Every year, dozens of (seemingly) rational people take the (some might say) not entirely rational decision to spend £28,545 – more, indeed, than the average British salary – on sending their children to school. Don't they, one wonders, realise that school is free in this country? Perhaps not. Either way, Harrow School can hardly be short of demand. It currently educates some 800 boys, all of whom, one presumes, enjoy a rather more privileged upbringing that the average British teen.
Along with the usual lot, though, two boys of more humble background are let in for free; well, paid for by Peter Beckwith, an old Harrovian who himself benefited from a scholarship to the school. Given the size of the fees (not to mention the old boys network) this is no small offering. Pupils leave with a hefty chance of getting into Oxbridge, and an even heftier chance of landing a job that allows their children to follow suit. "You are playing God, really, with a small 'g'," Beckwith reflected. He's right. Instead of 13 years of standard-issue carpets and school buses, whoever wins the scholarship is destined to a lifetime of dormitories and plummy accents. Whether this is a good thing or not is, of course, very much up for debate. What became clear last night, in Too Poor for Posh School, is that our wannabe Harrovians were desperate – completely, utterly, compellingly devoted – to get in.
At 10, Krishan was the youngest, though much of the time he seemed like the oldest; 10 going on 75. He wore a suit to exam day because, he explained, "It's a special day so I thought I would come all dandied up." On first encounter, he already seemed to be the plummy Harrovian he hoped to become. The reality, though, was very different: he may (almost) have the cut-glass vowels of the public schoolboy, but at home, in the tiny flat his parents occupy, he doesn't even have his own bedroom. Showing the TV crew around, he had the air of a moth-eaten butler: "Would you like to see my favourite books or my models?" he asked. You decide, they said; he went for books, whipping out "my Webster Dictionary and my library of Shakespeare". He wanted, he explained, to be a spy one day. Why? Because spys "are patriots in their own right" (75) and "they have lots of cool gadgets" (10).
Krishan was up against Numhan and Tumi, both just as determined to win their spot among the paying classes. All three applicants are incredibly talented, though their parents deserve considerable credit, too. Tumi's dad works nights while his mother gets to work at 5.30am in order to leave early enough to ferry Tumi between extra-curricular activities. Numhan's father, meanwhile, sets him extra homework... devotedly marking it every night.
On the day of their assessment, Krishan, Numhan and Tumi, and eight other "finalists" were put through seven gruelling hours of tests: a maths assessment, an English test, an IQ test, a debating session, an interview with the headmaster, a sports session and a music test. The school is under almost as much pressure as the pupils. Since Beckwith is forking out tens of thousands of pounds for it, they need to make sure the pupils they choose are right. Unfortunately for our three, there was another little boy, Alex, up for the scholarship who blew the others' musical abilities into the water. He got offered one of the scholarships and Krishan the other. Tumi had one created especially for him, but poor Numhan didn't make the grade. He'd gone to the local grammar instead. Will he fare worse, I wonder? Let's hope Channel 4 offers a follow-up in a few years' time.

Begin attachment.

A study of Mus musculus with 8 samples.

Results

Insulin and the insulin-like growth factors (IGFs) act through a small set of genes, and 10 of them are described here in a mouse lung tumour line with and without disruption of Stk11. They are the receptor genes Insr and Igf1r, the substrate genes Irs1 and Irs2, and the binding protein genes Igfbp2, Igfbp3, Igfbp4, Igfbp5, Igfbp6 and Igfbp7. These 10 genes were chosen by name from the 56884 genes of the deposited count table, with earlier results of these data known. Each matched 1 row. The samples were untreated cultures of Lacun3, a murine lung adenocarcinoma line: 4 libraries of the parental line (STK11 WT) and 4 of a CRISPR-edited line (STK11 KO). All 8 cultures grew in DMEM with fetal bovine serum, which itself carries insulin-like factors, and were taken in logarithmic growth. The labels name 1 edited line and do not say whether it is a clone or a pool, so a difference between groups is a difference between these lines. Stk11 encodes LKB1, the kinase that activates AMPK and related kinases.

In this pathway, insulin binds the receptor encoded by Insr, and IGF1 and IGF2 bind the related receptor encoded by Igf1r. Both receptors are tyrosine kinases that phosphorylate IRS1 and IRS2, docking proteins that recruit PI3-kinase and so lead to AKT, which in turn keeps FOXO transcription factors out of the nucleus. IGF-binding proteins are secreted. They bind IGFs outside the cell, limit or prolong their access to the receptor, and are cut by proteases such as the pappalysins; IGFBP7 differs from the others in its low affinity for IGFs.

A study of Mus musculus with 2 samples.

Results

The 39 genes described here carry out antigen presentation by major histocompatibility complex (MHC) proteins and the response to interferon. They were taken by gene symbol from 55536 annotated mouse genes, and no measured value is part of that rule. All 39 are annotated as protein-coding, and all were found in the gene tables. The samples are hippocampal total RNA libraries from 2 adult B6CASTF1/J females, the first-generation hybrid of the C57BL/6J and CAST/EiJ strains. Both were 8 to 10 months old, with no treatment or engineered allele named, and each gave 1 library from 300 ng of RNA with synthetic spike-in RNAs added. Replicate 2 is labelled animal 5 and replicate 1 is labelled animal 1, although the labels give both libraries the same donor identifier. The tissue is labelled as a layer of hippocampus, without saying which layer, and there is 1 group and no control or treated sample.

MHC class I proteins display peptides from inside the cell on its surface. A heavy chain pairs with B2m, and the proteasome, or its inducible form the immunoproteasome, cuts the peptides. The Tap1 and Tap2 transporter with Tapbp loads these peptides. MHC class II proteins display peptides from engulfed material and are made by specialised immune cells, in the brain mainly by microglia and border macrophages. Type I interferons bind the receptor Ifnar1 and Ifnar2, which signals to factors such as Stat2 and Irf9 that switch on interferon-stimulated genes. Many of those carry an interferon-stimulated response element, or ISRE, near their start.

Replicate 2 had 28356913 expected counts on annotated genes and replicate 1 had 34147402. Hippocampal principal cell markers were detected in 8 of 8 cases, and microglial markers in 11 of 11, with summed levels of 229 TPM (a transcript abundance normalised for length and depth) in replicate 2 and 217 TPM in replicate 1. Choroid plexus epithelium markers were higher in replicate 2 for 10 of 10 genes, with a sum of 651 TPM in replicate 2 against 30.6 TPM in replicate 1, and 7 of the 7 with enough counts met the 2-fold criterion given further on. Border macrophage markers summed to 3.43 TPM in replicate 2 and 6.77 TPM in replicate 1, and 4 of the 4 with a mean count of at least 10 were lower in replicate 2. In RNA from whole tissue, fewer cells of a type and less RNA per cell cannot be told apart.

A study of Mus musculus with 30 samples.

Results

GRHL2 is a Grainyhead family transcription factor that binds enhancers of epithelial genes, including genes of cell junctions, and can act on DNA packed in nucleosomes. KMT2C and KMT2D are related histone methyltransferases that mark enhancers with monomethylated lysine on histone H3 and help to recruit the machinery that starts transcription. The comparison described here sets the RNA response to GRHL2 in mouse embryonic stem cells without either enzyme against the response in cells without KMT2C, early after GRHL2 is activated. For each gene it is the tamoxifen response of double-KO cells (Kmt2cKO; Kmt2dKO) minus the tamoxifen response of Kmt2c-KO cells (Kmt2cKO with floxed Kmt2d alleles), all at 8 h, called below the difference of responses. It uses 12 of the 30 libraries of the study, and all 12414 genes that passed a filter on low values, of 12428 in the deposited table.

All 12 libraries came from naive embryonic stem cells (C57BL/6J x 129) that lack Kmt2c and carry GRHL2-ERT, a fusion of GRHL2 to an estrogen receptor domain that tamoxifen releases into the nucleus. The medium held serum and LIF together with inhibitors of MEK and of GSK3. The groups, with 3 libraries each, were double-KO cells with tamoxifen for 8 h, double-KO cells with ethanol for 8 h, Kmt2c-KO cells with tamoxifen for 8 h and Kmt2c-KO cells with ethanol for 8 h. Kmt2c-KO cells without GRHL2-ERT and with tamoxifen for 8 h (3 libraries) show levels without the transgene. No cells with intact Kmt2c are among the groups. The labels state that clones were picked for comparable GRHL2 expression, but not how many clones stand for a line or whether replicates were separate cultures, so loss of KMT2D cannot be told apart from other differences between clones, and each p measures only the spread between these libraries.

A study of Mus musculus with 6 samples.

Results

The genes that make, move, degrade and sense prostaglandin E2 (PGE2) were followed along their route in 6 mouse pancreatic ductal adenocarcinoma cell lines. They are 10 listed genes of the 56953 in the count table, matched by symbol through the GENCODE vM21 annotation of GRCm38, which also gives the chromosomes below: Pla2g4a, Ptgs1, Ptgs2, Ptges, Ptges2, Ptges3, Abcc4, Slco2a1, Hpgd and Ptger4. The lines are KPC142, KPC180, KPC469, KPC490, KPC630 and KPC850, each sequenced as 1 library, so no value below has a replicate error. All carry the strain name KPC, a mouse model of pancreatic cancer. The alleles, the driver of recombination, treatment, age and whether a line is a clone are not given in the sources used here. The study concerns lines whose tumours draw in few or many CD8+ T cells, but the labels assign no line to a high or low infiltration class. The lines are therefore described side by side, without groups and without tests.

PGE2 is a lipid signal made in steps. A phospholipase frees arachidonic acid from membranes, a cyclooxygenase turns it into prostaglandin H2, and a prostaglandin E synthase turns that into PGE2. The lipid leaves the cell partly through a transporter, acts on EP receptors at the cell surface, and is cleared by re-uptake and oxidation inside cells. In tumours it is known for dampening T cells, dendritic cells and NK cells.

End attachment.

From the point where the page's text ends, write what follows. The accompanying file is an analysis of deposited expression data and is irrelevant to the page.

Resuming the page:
In Michelin Stars – the Madness of Perfection, William Sitwell, the editor of Waitrose Food Illustrated, examined the pertinent question of Is Michelin Really As Daft As It Seems To Be? The answer? Yes.
You knew that already, of course. Michelin stars have come to represent everything that makes eating an ordeal rather than a pleasure, and the annual round of guide-bashing has become as regular a feature in the media as springtime predictions of a scorching summer. Still, watching Sitwell make the case all over again was fun. First, he spent time in Marcus Wareing's kitchen, chopping coriander (wrongly, said Wareing, before chucking it in the bin). "Would you kill for your third star?" he asked. "Well, not kill..." Wareing joked. I'm not sure I believe him; he has, after all, a more than healthy rivalry with Gordon Ramsay. Then Sitwell interviewed Raymond Blanc, who famously told the guide to eff off ("I veel ze zame," he reflected "zo wuzn't zay eet zee zame way").
Finally, he visited the Michelin headquarters. Michelin itself remained weirdly enigmatic throughout. It wouldn't let a camera into the offices to interview the boss in case one of its inspectors was caught on screen. Instead, it all took place in a basement. In fact, should Krishan ever fail in his ambitions of international espionage, perhaps he should look into Michelin inspecting; they aren't, as it turns out, a million miles apart.